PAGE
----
Workers renovate the Ralph T. O’Neal Administration Complex last August. Windows that were destroyed in 2017 are now being outfitted with hurricane-resistant shutters. (File Photo: ZARRIN TASNIM AHMED)

Works are still underway at the Ralph T. O’Neal Administration Complex, Deputy Premier Kye Rymer said last Thursday in the House of Assembly, but he stopped short of providing a completion date for the long-delayed project.

Mr. Rymer was charged in 2019 with the rehabilitation of the building, which was badly damaged in Hurricane Irma in 2017.

The latest phase of the project has focused on hurricane-resistant doors and shutters, he said last Thursday.

“The installation works are 85 percent complete, and we anticipate this phase to end within the next month,” he added.

The government has also completed the installation of a waterproof roof and replacement skylights, and it is working to repair the exterior stucco finish of the building and construct a basement parking garage, according to the minister.


Mr. Rymer also shared details of a $1 million-plus contract that was awarded for the procurement and installation of an elevator in the building’s west atrium.

According to the minister, the new elevator will address issues raised by the public regarding handicap accessibility.

The design, he said, enhances one that was developed several years ago by adding a housing and lobby area for the elevator system.

“The designs were prepared by OBM International, which ironically was the company that prepared the original elevator design many years ago, therefore making the engagement to update the design a seamless process,” Mr. Rymer said.

Tender process

Two companies bid for the project in a public tender process in December, he said, adding that the central tenders board evaluated the bids and Cabinet approved the decision in accordance with the board’s recommendations.

A $1,076,796.99 contract was awarded to Building Construction Management Group for the procurement and installation of the elevator as well as the construction of the elevator substructure and superstructure works, according to the minister.

Accurate Construction submitted a bid for $1,575,920.34, he added.

The winning construction company will create openings on all the floors to access the new 17-by-10-foot elevator, which will extend 45 feet in height from the ground level, he added.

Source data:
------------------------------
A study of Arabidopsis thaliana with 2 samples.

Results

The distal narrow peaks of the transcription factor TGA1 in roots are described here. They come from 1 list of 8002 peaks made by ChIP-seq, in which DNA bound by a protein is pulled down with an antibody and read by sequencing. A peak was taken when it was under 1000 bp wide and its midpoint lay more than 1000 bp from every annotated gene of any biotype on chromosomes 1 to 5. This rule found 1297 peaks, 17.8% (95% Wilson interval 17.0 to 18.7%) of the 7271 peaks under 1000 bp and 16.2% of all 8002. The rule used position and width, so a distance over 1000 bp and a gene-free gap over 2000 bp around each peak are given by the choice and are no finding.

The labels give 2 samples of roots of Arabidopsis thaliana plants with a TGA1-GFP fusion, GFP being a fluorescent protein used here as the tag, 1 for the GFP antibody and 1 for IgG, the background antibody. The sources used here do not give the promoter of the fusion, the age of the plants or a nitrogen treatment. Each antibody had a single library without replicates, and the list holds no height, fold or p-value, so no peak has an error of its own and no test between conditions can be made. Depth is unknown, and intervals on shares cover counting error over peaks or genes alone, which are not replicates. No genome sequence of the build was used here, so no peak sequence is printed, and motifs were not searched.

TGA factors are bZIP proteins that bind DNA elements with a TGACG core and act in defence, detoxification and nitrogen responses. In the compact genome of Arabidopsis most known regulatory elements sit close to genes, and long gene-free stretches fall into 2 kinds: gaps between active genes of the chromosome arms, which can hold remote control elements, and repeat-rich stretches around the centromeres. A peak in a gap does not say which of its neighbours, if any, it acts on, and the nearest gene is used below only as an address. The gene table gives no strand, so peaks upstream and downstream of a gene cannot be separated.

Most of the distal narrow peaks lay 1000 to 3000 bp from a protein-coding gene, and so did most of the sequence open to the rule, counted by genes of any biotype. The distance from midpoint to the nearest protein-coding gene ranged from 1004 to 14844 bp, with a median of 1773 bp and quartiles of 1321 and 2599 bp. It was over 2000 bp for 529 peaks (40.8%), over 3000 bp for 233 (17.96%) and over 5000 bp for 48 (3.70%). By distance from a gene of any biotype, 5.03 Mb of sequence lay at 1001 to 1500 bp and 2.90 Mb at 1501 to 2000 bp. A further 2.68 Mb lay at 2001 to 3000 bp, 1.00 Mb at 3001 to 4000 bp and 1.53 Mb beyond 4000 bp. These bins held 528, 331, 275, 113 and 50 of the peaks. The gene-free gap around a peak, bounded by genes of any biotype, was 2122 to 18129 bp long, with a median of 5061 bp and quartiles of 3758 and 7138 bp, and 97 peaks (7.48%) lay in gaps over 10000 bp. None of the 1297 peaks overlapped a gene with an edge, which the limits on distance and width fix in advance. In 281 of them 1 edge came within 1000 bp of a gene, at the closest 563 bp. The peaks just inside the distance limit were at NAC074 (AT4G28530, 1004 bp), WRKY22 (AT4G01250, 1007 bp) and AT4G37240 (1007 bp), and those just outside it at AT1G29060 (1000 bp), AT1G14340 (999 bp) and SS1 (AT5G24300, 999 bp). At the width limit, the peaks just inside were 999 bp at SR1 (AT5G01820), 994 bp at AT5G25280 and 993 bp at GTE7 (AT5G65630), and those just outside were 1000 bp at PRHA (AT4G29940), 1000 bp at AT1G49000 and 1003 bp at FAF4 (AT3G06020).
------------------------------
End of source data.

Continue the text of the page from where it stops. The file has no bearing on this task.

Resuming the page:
“The project will require six reinforced concrete piles and associated pile caps,” he said. “It will require excavation, foundation works, and construction of the concrete reinforced foundation walls.”

The elevator itself is an Otis second-generation model that is “one of the most reliable elevators currently on the market,” according to the deputy premier.

Stucco finish

On the outside of the building, Mr. Rymer said, a new finish will be “self-cleaning” — a change from the previous exterior, which was difficult to maintain due to the building’s proximity to the ocean.

“The stucco finish from STO Corp., a company based in the United States, comes with a warranty for the products being installed,” he said. “The stucco finish is called Lotusan, and the finish will be a washable finish that effectively resists dirt and grime accumulation, thereby having self-cleaning technologies activated when it rains.”

He added that the new finish will reduce maintenance costs.

The exterior works are expected to begin by October, he said, but he didn’t say when they would finish.


Meanwhile, work on the basement in the west atrium has begun, he added.

“The retaining walls and catchment drains are already constructed, and the contractor is currently working on constructing the access road to enter the basement,” Mr. Rymer said. “Members may be aware that there is a basement parking on the east atrium. Therefore, as an easement and as an enhancement to the overall function of the complex, parking is being provided to facilitate senior public officers and ministers whose offices are located in the west atrium.”

He also said that additional works to assess drainage — which will help mitigate the effects of potential flooding vulnerabilities — have started.

“All the drains on the compound are being repaired and upgraded to provide additional resiliency,” Mr. Rymer stated.

Additionally, all the interior metal beams are being cleaned, treated and painted, he said, adding that this undertaking is about 35 percent complete.